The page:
GBP/USD Forecast Apr. 16-20 – Amid Brexit trade talks, new post-Brexit highs?


China and the US traded pleasantries about trade relations, Trump mused about returning to the TPP, and also hope for Brexit talks on trade which begin now all pushed the pair higher. Worries about Syria were ignored. Over the weekend, the US, the UK, and France launched airstrikes against the Assad regime’s chemical weapons but the wider effects may be limited. In the US, the Fed expressed confidence about the economy and inflation reaching its targets while inflation indeed increased to 2.1% on the core. What’s next?

Updates:

GBP/USD daily graph with resistance and support lines on it. Click to enlarge:

  1. Rightmove HPI: Sunday, 23:01. Early in the week, Britain’s earliest House Price Index is out. It last showed a big rise of 1.5% m/m in March. This time, the report for February may be more modest.
  2. CB Leading Index: Monday, 13:30. The composite index by the Conference Board has remained flat in January. The report for March may show an uptick. Note that most of the seven indicators that make this gauge have already been published.
  3. Jobs report: Tuesday, 8:30. The last jobs report was quite mixed. Wages rose by 2.8% y/y in January but the Claimant Count Change rose by 9,200 in February, worse than expected. The unemployment rate reverted back to 4.3% in January and that is unlikely to change in the report for February. The focus remains on the wages: the ongoing acceleration in pay implies a growing case for a rate hike in May. A rise to 3% is expected. However, another rise in jobless claims could trigger worries: an increase of 13.3K is forecast.
  4. Inflation report: Wednesday, 8:30. Britain publishes key data day after day. Inflation slowed down to an annual pace of 2.7% in February, off the edge of the 1-3% range that is mandated by the Bank of England. The same level is expected for March. The stronger pound has pushed prices of imported goods lower. Another slowdown could be seen in the data for March. Core CPI was at 2.4% (2.5% projected now) while the PPI Input fell by 1.1% m/m back then (+0.4% expected now).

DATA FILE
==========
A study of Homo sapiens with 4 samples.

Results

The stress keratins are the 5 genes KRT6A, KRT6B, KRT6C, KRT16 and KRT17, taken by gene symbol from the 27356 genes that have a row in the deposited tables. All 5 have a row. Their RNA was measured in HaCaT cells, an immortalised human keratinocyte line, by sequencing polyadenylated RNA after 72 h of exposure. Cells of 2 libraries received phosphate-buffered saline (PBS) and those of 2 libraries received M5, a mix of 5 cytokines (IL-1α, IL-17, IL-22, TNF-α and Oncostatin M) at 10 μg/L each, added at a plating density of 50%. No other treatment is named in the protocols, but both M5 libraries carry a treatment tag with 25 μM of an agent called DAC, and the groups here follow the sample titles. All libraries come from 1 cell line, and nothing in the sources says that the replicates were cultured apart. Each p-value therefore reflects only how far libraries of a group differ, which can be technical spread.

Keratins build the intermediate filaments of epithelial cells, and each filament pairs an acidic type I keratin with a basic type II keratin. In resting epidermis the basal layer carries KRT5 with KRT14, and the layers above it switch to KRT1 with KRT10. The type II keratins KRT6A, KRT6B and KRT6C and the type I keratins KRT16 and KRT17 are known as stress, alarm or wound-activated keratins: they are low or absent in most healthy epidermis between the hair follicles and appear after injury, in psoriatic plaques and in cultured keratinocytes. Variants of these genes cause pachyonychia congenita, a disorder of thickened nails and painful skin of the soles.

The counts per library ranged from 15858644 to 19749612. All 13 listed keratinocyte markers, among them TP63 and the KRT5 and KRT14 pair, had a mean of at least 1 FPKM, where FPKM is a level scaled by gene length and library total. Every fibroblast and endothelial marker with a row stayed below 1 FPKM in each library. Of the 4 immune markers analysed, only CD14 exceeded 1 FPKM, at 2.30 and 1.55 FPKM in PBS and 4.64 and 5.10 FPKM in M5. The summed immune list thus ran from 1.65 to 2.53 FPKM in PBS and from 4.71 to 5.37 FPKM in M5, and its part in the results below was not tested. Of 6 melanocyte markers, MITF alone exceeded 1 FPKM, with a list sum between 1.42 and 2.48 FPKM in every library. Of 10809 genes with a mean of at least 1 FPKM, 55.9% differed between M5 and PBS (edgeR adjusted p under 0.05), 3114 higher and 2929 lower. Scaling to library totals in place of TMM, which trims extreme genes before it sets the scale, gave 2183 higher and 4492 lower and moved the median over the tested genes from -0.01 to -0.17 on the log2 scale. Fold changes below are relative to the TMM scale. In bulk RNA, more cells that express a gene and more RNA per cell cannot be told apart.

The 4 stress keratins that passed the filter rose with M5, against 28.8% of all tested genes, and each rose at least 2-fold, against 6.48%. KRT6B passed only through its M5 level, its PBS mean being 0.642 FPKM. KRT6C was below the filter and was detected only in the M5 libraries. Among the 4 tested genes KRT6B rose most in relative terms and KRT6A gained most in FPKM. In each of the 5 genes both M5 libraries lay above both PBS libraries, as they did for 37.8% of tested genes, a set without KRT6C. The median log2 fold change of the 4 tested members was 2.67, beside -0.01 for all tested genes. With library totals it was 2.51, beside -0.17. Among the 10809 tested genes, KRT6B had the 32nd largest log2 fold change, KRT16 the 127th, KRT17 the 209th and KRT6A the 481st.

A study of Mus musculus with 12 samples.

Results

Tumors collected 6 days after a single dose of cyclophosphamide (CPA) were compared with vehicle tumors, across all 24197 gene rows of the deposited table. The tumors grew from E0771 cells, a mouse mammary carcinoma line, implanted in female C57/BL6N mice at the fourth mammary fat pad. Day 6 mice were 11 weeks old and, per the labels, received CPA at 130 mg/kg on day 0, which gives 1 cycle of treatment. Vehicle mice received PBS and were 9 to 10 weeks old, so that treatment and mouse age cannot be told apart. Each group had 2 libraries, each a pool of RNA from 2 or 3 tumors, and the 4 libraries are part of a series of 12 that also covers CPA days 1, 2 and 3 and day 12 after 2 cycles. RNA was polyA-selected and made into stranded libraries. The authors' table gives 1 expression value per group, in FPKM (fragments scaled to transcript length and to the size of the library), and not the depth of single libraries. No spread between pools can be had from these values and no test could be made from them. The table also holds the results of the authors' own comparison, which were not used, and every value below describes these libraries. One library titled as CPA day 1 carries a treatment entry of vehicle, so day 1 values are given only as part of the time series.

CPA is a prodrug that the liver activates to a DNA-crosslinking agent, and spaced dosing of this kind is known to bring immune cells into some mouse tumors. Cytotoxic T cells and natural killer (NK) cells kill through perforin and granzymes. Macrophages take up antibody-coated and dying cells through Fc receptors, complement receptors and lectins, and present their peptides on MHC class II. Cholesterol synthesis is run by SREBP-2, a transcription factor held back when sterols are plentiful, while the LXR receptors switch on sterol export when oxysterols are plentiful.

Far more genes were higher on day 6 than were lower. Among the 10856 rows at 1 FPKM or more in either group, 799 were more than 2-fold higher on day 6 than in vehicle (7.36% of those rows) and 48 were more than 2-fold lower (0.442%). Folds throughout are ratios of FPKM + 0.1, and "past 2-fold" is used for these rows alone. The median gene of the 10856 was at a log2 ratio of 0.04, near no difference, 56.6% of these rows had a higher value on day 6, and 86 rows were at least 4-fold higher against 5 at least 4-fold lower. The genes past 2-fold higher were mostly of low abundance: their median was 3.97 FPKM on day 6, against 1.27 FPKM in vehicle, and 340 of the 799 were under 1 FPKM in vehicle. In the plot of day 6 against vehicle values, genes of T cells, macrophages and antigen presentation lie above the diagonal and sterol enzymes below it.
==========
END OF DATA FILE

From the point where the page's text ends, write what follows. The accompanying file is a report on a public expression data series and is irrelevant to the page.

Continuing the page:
5. Retail Sales: Thursday, 8:30. After two disappointing months, sales rebounded by 0.8% in February. A drop of 0.5% is projected for March, countering that rise. While the indicator is volatile, consumption is a significant part of the economy in the UK.
  6. Jon Cunliffe talks, The Deputy Governor of the Bank of England attends the IMF Meetings in Washington and apart from speaking, he will answer audience questions. Cunliffe is usually within the consensus of voters.
  7. Michael Saunders talks: Friday, 9:30. The external member of the Monetary Policy Committee (MPC) speaks in Glasgow and may reiterate his hawkish views. Saunders voted for a rate hike more than once.

GBP/USD Technical Analysis

Pound/dollar initially batteld with the 1.4150 level (discussed last week) before moving higher and nearing 1.43.

Technical lines from top to bottom:

1.4345 is the January 2018 swing high that is worth watching. 1.4300 capped the pair in mid-April. .

1/4260 was the high point in March and provides another line of defense. 1.4150 capped the pair in mid-February.

1.41 capped the pair in early April and also in mid-March. It is followed by the round level of 1.40, which is eyed by many.

1.3890 served as support in mid-March and maintains its role. 1.3790 was a swing low in mid-March.

I am neutral on GBP/USD

While Brexit negotiations may get stuck at some point, the current optimism will probably be good enough to counter the US Dollar. The greenback does not price in the rise in US inflation.